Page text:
KQED's live call-in program presents wide-ranging discussions of local, state, national and international issues, as well as in-depth interviews.
Airs on KQED Public Radio weekdays at 9am & 10am
Recently on Forum:
The science of behavior modification has been proven as an effective way to stop bad habits like overeating and smoking -- and now new smartphone apps make it easier for us to track what we do and try to change our ways. But the specter of "Clockwork Orange"-type mind control still casts a shadow on the field.
The U.S. Senate is expected to vote next month on a new farm bill, which would shape the nation's food and agriculture agenda for the next five years. What might the legislation mean for California farmers and consumers?
Philip Kaufman, the San Francisco-based director of critically acclaimed films such as "The Right Stuff," "The Unbearable Lightness of Being" and "Henry and June" joins us in the studio. We look back at Kaufman's career and discuss his newest release, an epic film for HBO about the marriage of writer Ernest Hemingway and journalist Martha Gellhorn.
In recent weeks, KQED News and The Bay Citizen have been doing a series of Open Newsroom events at bars and cafes as a way to connect our audience to reporters and editors. We open the phone lines to get your ideas for news stories and Forum segments. What stories and issues are most important to you?
The pages of comic books are most often thought of as places for superheroes and evildoers. But over the course of his career as a cartoonist and screenwriter, Daniel Clowes has turned those familiar panels into windows on the complex challenges of everyday loneliness, alienation and despair. Oakland-based Clowes joins us to discuss the retrospective of his work currently showing at the Oakland Museum of California.
A new survey of contaminants -- such as mercury and PCB -- in fish along the California coast finds that the San Francisco Bay shows some of the highest levels in the state. We discuss the findings, and what they mean for seafood consumers and fishermen.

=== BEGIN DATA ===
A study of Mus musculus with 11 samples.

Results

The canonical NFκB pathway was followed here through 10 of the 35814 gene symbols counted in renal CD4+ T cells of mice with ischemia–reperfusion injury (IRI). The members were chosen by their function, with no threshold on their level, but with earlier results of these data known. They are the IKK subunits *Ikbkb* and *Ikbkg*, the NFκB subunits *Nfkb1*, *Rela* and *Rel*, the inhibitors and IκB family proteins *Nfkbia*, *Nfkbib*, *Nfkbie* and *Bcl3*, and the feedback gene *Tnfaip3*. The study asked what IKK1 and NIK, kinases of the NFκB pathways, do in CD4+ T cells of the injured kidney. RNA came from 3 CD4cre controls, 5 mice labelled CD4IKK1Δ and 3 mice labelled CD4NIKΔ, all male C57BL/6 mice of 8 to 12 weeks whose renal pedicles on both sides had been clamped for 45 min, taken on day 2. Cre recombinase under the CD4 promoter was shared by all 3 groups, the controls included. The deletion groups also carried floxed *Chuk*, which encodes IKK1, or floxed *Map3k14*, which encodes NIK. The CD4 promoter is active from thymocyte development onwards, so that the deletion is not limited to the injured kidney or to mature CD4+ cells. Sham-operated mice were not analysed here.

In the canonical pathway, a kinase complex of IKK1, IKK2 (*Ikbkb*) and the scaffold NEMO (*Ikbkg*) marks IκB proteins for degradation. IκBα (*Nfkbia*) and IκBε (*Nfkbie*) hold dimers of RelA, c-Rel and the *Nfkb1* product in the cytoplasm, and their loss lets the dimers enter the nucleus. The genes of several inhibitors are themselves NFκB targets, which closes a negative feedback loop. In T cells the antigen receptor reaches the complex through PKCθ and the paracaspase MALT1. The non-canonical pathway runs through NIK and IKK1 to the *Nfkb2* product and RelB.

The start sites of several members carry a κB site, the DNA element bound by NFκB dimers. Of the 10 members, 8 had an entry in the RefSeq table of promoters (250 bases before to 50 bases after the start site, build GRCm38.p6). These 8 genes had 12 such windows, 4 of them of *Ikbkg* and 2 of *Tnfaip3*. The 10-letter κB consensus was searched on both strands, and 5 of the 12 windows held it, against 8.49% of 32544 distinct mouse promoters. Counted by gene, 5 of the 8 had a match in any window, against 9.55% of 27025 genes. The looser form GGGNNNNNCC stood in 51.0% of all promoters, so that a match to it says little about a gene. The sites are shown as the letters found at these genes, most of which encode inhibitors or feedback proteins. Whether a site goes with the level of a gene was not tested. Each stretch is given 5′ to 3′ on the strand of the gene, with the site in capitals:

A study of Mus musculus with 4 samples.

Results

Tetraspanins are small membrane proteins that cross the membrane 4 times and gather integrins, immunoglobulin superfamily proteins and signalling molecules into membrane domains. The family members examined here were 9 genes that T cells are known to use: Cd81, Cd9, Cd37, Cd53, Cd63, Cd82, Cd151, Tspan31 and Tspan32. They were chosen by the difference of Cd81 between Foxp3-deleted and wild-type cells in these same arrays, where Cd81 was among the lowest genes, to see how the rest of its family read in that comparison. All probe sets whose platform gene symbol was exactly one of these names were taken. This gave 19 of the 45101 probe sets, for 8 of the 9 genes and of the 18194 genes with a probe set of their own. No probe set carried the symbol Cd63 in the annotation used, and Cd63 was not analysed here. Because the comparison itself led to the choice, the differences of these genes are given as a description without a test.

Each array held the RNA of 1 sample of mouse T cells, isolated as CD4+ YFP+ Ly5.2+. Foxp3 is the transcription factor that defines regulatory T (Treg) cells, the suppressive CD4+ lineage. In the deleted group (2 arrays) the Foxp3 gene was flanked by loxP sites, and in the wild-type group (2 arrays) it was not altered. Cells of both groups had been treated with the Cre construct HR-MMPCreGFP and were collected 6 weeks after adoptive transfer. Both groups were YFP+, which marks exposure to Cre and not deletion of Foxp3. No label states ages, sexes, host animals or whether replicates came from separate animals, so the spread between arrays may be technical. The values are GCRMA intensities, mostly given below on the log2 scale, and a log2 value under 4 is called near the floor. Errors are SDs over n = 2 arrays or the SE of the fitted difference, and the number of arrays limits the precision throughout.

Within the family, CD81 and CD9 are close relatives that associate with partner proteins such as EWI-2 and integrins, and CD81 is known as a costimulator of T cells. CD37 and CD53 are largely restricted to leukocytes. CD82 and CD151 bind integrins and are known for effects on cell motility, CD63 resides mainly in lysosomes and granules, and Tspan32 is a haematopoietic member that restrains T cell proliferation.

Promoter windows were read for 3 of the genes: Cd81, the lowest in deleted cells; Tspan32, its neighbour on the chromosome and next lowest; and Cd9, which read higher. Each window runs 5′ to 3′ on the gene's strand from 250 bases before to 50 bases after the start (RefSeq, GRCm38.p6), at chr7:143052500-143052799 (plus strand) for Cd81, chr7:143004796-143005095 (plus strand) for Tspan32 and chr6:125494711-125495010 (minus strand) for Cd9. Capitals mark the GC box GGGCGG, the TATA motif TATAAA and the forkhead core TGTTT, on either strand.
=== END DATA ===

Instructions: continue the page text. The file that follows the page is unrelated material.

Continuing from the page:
A Sacramento Bee investigation has raised further questions about the testing and construction of the new eastern span of the Bay Bridge. We discuss the latest findings.
Read any good books lately? We open the phone lines for our annual show featuring listeners' suggestions for the best books to enjoy this summer on the beach and beyond.
Private equity has become a hot topic in the presidential election, with both President Obama and Mitt Romney hurling barbs over the issue. But what's the truth beneath the political rhetoric? We discuss the advantages and pitfalls to a business that makes some people very wealthy.
Diane Ackerman and her husband, Paul West, have both enjoyed long literary careers. West suffered a stroke in 2003 that left him with aphasia, an inability to produce or understand words. Ackerman's memoir, "One Hundred Names for Love" examines the impact this had on their word-filled relationship.
Boosting creativity is not a magical process, says journalist Jonah Lehrer. In his book, "Imagine: How Creativity Works," Lehrer explores different thought processes -- such as productive daydreaming -- that anyone can use to foster creativity. He also debunks the myth that creativity is a gift only possessed by the few.
Celebrity chef Jacques Pepin has been cooking for almost 60 years. He has published 27 cookbooks and has won a Daytime Emmy, numerous James Beard Awards and two of France's highest honors. Pepin joined us in April to discuss food, his newest cookbook and his KQED-produced PBS series, "Essential Pepin."
Hairdresser Vidal Sassoon pioneered sleek, geometric hairstyles that helped free women in the 1960s from the tyranny of frequent visits to the hair stylist. He passed away on May 9th. We listen back to a 2008 interview with Sassoon about hair, fashion, his rags to riches story and his philanthropic work.